ByAlex Perez, writer at Creators.co
© New Line Cinema
© New Line Cinema

There comes a point in your life where you sit down to watch a movie, and even though you're just sitting through it for the first time, you can already tell that the movie you're watching is so bad that it will live on as one of the worst movies you'd ever witnessed. That happened to me on the night of July 22, 2015 at an early screening of Vacation.

The Vacation movies are some of the all time classics of comedic cinema . . . well, at least the first and third ones are. National Lampoon's Vacation is still one of the funniest movies I've ever seen, and National Lampoon's Christmas Vacation is in my opinion one of the definitive Christmas movies out there, and one that I pop in every year. So when the prospect of a new film in this franchise came about, I was naturally curious, but cautiously optimistic, especially with the talent they were able to get on board. Unfortunately, though, this movie takes everything I and many others loved about those original films, shits on them, then proceeds to piss in our faces and give us the finger. Vacation is the very definition of shit.

So what's the story (as if any of you care)? This time around, we now follow Rusty Griswold (Ed Helms), who's all grown up and has a wife (Christina Applegate) and two sons (Skyler Gisondo and Steele Stebbins). He's in a bit of a rut, as his relationship with his wife has become kinda stale and he struggles to really connect with his kids. So in an effort to shake things up, Rusty decides to take his family on the road to the same place he and his family went 30 years ago. Yup, it's Walley World.

Now with everything I said about the movie earlier, you might be wondering, "Is there anything even REMOTELY good about Vacation?" Well . . . I suppose. I mean, from a technical standpoint, the movie is relatively well put together. It's shot nicely, the editing's tight (kinda), and the pacing isn't all that bad. Aside from that . . . uh . . . hmm . . . shit, I honestly can't think of anything else. If that's really all the good stuff I can say about a movie, that's kinda sad.

If I could describe Vacation using just one word, I think that word would be "lazy", because that's exactly how this whole endeavor feels. Writer/directors John Francis Daley (Freaks & Geeks FTW) and Jonathan M. Goldstein, who I feel struck gold with 2011's Horrible Bosses, put no effort whatsoever to give any of these moments of "comedy" any sort of thought. They constantly make an effort to go for the raunchiest shit possible, with gags ranging from Rusty's youngest son constantly cussing to the Griswolds bathing in raw sewege, but they don't understand that raunch alone is not enough to make a joke actually funny, and these jokes are just not funny in the slightest. The movie also suffers from the mentality that every joke in here has to be the craziest and "best" joke in here, as each joke gets raunchier and raunchier than the last, without getting any funnier. It was at a point where Chris Hemsworth walked into a bedroom wearing nothing but boxer shorts showing the outline of his huge boner that I was telling myself to walk the fuck out of that theater. I think the only reason I didn't was that I saw the movie for free, so I decided to sit it out and see if it got any better. Alas, it didn't.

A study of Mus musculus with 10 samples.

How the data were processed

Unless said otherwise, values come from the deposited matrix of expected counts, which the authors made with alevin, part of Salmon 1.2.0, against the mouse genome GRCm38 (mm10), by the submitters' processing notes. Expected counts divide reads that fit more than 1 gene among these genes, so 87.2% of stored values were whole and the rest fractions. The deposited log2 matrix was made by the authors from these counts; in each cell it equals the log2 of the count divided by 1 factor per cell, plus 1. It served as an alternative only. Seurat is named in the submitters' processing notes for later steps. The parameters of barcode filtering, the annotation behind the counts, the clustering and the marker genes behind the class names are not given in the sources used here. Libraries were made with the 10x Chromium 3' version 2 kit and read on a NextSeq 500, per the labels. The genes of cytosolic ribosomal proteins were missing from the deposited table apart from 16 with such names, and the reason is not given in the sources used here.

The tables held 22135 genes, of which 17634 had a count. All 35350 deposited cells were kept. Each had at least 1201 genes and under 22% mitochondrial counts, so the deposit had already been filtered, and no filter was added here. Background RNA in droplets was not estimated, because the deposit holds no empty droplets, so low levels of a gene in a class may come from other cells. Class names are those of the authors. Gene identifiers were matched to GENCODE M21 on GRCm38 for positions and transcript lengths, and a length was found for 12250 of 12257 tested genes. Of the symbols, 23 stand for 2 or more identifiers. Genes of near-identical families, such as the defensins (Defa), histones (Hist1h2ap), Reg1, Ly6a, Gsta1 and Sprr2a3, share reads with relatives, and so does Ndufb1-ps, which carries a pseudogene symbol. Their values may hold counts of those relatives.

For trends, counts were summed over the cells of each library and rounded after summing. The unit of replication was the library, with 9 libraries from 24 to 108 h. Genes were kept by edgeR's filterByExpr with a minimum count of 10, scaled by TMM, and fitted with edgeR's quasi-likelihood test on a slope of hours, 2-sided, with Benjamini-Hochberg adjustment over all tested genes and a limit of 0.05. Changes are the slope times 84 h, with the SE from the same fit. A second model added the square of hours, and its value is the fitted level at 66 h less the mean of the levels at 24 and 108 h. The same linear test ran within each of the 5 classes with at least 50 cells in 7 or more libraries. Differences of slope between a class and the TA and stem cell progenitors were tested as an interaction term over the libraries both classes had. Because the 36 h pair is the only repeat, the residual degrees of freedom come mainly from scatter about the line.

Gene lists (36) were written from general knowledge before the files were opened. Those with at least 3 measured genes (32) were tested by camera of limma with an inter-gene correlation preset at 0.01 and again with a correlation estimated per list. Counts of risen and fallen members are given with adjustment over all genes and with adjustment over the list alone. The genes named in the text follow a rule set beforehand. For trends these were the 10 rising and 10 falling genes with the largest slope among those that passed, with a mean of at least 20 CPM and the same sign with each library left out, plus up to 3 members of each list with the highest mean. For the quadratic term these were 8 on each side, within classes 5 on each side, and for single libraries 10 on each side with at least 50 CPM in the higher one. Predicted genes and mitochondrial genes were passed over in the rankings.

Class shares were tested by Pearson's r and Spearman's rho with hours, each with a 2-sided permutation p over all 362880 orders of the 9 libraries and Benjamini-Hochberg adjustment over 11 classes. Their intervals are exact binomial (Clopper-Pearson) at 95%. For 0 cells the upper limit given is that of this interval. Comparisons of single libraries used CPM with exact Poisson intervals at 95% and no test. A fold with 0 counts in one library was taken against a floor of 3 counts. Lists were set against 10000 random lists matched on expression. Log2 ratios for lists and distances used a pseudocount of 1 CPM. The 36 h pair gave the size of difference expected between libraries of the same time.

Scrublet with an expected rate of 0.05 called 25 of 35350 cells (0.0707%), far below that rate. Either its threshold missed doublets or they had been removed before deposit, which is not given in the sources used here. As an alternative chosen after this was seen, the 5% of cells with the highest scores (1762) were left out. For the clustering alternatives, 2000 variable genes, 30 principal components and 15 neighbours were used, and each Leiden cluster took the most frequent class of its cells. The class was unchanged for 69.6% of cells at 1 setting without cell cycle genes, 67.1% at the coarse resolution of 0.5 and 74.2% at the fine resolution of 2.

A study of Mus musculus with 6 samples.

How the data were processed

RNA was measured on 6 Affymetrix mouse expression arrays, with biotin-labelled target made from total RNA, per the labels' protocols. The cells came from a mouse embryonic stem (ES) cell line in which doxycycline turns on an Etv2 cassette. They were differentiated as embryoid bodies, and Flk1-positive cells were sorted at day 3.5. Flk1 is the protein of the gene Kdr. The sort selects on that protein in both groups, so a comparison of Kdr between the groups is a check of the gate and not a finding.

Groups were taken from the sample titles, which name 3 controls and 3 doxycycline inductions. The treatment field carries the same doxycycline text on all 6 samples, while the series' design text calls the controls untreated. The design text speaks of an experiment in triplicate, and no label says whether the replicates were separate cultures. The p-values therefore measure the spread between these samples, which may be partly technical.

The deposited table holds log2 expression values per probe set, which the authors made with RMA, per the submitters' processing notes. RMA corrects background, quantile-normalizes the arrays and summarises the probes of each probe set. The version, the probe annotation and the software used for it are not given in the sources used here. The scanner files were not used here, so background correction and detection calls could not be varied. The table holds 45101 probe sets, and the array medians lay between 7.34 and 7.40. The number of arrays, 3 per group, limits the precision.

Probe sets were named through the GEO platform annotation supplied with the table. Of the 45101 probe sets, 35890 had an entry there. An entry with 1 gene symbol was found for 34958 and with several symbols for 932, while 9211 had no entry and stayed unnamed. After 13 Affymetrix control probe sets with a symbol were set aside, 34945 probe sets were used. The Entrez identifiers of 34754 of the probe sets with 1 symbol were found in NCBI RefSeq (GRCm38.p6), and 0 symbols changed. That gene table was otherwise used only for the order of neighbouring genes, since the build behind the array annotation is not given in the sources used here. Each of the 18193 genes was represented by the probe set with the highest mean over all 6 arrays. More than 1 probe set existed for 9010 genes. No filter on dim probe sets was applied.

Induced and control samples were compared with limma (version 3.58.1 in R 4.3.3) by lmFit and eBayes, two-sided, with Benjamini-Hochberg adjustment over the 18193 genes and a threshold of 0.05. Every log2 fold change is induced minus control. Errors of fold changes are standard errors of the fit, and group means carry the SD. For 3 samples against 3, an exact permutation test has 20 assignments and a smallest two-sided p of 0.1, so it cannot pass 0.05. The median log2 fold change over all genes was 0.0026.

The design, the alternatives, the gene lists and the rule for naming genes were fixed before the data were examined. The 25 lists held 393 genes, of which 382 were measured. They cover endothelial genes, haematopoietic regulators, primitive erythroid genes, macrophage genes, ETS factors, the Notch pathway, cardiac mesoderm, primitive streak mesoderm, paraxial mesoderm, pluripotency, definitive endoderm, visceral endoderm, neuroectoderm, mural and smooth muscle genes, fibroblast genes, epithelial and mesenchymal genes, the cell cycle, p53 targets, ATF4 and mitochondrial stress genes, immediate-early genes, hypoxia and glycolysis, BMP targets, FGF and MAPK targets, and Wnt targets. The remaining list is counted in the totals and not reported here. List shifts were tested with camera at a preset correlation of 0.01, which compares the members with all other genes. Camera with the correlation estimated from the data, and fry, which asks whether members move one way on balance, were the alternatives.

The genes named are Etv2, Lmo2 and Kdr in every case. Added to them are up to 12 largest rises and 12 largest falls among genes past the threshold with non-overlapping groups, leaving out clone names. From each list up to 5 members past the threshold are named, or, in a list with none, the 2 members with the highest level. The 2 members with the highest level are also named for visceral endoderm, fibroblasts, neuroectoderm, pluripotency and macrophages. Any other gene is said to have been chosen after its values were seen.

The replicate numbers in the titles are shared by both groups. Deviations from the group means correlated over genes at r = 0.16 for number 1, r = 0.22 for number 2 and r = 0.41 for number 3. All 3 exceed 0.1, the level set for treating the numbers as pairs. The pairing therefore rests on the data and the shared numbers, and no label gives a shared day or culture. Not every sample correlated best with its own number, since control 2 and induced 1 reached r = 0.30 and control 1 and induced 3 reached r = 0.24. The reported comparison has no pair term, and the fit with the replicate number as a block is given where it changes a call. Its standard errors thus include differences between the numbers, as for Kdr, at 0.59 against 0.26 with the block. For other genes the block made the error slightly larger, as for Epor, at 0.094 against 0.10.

It certainly doesn't help that the people actually saying these putrid lines don't really bring much to the table either. I will admit that I thought Christina Applegate and Leslie Mann weren't all that bad in their roles as Rusty's wife Debbie and sister Audrey respectively. They weren't anything great, but they did the best with the poopy material they were given. The rest of the cast, however, is a completely different story. Ed Helms is trying way too hard to be what Chevy Chase was in the first Vacation movie, and it just comes off as annoying. He comes off less like a Griswold and more like Stu from The Hangover, and it feels completely out of place. Along with that, we do of course get the return of Chevy Chase and Beverly D'Angelo as Clark and Ellen Griswold, and though it is nice to see them at first, they're really not given a lot to do here. D'Angelo in particular feels like she's just there for the sake of being there, as she has about 3 lines at most, and none of them were really going for a laugh. Chris Hemsworth also feels really forced in his short role (as does his junk), and this movie somehow manages to make both Charlie Day and Keegan-Michael Key annoying as all hell. Now THAT is just criminal!

I feel like talking about this movie for much longer will make me wanna stab myself in the jugular with a screwdriver, so I think I'll wrap up the review here. Vacation is so bad, it honestly made me physically ill. I'm not even kidding. This may sound like a bold statement, but I really mean it when I say that Vacation is 2015's Jack and Jill. It is honestly that bad. No effort put in whatsoever, no attempts to actually provide clever humor, nothing of value to be found here at all. Want my advice? When this piece of shit comes out this weekend, go see Mission: Impossible - Rogue Nation instead (I just saw it, and it's FUCKING AWESOME), then go to Target and buy the Blu-ray of the original Vacation movie and watch it at home. That'll provide for a far more enjoyable movie-watching experience. This on the other hand is the biggest piece of lazy uninspired bullshit I've seen since last year's crown jewel of turd, God's Not Dead. So yeah, this movie sucks the big one. And because of this shit stain of a film, the fact that Daley and Goldstein are now writing the new Spider-Man movie makes me significantly less excited for it. Thanks a bunch, assholes!